I did one thoughtful thing that sunny spring day in the First Hebrew Congregation cemetery on the outskirts of Peekskill, and one unthinkably thoughtless thing. As the eulogy I’d written was being beautifully read by a man who called himself a Jewish Druid, a guy who chanted in a soft, haunting voice and read wonderfully, like the trained actor he was, I noticed my niece sobbing by herself a few steps from the grave. I had my arm around my mother, my sister and her husband had their arms around their young son, and, for some reason, my niece was standing alone. I whispered to Sekhnet to stand with my niece and she went over and put her arm around her. Everyone felt better.
Afterwards, as we headed to the cars, I did the stupid thing. At the bottom of the hill my father’s good friend and surrogate son Benjie waited to greet me. Benjie and my father truly loved and appreciated each other. They’d met when Benjie was the young dining room manager and then business manager of the camp my father directed, Tel Yehudah, a Zionist camp by the Delaware River in the heart of German Bund territory. Several years later both finally quit around the same time, both had been treated disrespectfully by the Hadassah women who held the camp’s purse strings.
They remained good friends for the rest of my father’s life and were, for a time, business partners, proprietors and operators of the first Kosher Chinese restaurant in Queens, Tain Lee Chow. Benjie was a large, extroverted religious Jew with a good sense of humor and a zest for life.
He sometimes led singing after dinner in the camp dining hall. The meal was followed by a long prayer of thanks for the food, called the Birkat HaMazone, sung to a nice bluesy melody. Many of the old-style Jewish prayers are set in that pleasantly melancholy minor key. After the Birkat there was a spirited session of songs, all kinds of songs, but mostly Zionist related songs; Hebrew songs from Israel, old and new, songs sung by the original kibbutz pioneers, the early Israeli army, songs of romance, songs of longing for the Sea of Galilee and other personified regions of the Holy Land. Several bawdy songs were included in the rotation and Benjie often answered a curtain call to do his special number “There’s Lipstick on Your Tsitsis (Shame on You!)”.
The singer of the song, after building up what could only be a sacreligious misuse of a sacred garment (the fringes of which hang at a religious Jew’s waist) and the violation of several of God’s commandments, bursts out with the innocent explanation. It brought the house of teenagers down. Benjie loved to perform. When the old worn-out songbook was reprinted, it was under the title Benjie Sings.
Benjie also loved to eat. Though he carried an oversized stomach and did not appear to be athletic, he could hit a softball a mile. He regularly parked pitches by trash-talking pitcher Mel Reisfield deep into the woods, over the outfield and beyond the dirt road. He’d take a slow trot around the bases, his yarmulke bobbing on his head, tsitsis flapping, making cracks at Mel, to the delight of the crowd.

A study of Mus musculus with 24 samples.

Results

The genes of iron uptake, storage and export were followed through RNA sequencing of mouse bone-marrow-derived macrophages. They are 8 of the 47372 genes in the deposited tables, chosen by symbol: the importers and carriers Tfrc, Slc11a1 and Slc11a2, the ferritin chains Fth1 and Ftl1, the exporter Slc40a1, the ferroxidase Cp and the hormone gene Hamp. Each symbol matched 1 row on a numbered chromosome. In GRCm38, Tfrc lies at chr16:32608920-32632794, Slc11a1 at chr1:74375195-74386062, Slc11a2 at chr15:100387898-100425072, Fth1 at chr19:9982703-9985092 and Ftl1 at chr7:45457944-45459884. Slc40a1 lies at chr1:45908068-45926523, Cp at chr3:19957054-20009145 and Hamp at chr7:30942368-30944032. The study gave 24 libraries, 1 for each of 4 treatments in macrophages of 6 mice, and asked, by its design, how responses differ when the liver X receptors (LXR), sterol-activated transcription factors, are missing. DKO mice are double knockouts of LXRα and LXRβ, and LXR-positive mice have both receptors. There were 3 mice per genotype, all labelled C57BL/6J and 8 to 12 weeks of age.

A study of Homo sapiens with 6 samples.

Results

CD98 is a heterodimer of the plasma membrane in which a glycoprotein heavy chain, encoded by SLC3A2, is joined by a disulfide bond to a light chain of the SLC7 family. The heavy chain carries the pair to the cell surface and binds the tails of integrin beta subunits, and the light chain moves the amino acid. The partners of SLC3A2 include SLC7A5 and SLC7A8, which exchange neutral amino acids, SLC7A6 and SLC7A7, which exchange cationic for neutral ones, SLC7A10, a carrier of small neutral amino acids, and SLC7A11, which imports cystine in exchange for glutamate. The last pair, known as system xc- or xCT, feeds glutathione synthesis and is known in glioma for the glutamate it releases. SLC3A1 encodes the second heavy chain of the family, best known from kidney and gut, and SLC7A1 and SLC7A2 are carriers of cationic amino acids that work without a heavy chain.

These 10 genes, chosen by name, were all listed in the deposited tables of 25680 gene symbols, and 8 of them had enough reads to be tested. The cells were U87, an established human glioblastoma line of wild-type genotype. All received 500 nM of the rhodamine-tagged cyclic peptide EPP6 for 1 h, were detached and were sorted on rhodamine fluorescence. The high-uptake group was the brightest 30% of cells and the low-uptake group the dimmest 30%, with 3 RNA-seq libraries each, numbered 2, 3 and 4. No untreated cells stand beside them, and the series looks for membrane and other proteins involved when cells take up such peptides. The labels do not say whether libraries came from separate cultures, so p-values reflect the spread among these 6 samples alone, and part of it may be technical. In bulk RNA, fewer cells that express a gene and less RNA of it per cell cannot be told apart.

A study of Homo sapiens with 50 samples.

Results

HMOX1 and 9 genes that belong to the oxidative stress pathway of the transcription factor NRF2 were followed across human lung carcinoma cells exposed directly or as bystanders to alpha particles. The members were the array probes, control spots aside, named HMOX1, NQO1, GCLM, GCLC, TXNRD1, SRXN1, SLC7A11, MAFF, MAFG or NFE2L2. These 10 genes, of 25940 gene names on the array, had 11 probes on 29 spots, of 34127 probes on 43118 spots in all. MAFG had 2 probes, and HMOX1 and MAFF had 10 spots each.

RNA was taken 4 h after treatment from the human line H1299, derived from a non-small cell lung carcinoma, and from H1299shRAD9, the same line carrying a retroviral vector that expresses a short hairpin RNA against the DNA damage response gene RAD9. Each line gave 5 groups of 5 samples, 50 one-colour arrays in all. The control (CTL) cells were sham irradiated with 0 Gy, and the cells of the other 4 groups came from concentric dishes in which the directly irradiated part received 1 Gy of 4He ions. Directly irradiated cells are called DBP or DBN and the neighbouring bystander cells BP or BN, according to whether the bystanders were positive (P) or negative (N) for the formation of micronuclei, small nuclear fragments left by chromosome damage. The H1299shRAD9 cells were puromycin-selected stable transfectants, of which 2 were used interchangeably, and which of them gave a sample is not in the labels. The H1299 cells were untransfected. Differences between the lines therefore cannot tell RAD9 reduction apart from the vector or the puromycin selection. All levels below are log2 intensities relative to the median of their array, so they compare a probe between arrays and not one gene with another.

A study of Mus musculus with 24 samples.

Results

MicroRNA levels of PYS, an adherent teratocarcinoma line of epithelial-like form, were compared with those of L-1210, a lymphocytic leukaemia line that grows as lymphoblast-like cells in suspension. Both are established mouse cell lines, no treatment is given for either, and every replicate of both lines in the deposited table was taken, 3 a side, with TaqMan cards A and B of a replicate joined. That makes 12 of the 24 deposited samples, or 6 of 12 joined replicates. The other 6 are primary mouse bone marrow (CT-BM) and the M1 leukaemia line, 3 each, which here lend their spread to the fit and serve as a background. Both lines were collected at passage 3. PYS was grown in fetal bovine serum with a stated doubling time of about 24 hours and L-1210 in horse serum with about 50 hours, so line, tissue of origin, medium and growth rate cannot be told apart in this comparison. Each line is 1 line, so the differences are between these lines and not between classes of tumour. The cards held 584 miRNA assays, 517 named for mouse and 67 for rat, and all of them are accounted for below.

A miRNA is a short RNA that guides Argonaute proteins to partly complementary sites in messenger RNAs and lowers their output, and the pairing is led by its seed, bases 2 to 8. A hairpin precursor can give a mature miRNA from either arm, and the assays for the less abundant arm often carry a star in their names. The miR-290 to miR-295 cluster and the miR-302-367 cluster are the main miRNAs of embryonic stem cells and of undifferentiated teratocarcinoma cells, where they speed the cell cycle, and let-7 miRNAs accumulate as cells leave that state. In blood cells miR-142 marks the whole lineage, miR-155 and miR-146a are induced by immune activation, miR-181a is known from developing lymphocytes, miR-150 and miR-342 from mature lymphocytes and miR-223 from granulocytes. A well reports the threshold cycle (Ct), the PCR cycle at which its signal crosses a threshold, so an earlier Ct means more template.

Benjie was a witty man who liked a laugh. He was not averse to mixing it up with anyone who sassed him. My friend Melz once sassed him. Melz was working as a kitchen boy at the camp one summer and Benjie was tasking the kitchen boys with some job none of them wanted to do. Melz made some crack and Benjie, in his inimitable way of speaking, told Melz “Melzer, don’t give me this shittttzzzzzssss.” Benjie’s way of speaking was not inimitable, it was irresistibly imitable, actually; distinctive, is what I should have said. His dismissive remark to Melz was a widely imitated phrase for years afterwards. We would all say it to each other whenever the occasion arose, or out of the blue, making the final syllable sizzle like a burger on a hot griddle. Benjie, of course, had no idea his throwaway line had become immortal.
He waited for me at the bottom of the hill, after the burial of my father and his great friend. He extended his hand and as I took it I thoughtlessly said “Benjie, don’t give me this shitttttzzzzsssss.” He had no idea what the hell I was talking about, as he certainly hadn’t given me any shit. A look of utter confusion was on his face. I didn’t take a moment to remind him of that long ago throwaway line to Melz, cars were leaving, other people were waiting to tell me how sorry they were, I had a sense there wasn’t time. Or maybe I just wasn’t thinking.
I said, sincerely, “you were the son he never had.” He nodded and said with equal seriousness “and he was the father I never had.” I nodded. We completed our handshake and headed to the cars to take us to the First Hebrew Congregation of Peekskill center where the corned beef and pastrami sandwiches were piled, alongside the coleslaw and cold cans of Dr. Brown’s with the beads of water on their aluminum sides.
Years later I think of what a tender moment that was, both of us recognizing the healthy, loving father-son relationship these two good friends managed to have. I also feel like a bit of a schmuck for not explaining why I told Benjie not to give me this shitttttzzzzzzsssss. Maybe I’ll print out and send him this piece, as I haven’t actually spoken to him since the day before my mother died.
“Yeah, you’ll send it right after you send the sample of this ms. to the prospective agents, I’ll wager,” said the skeleton of my father, cannily seizing the last word, snatching it out of Sekhnet’s mouth.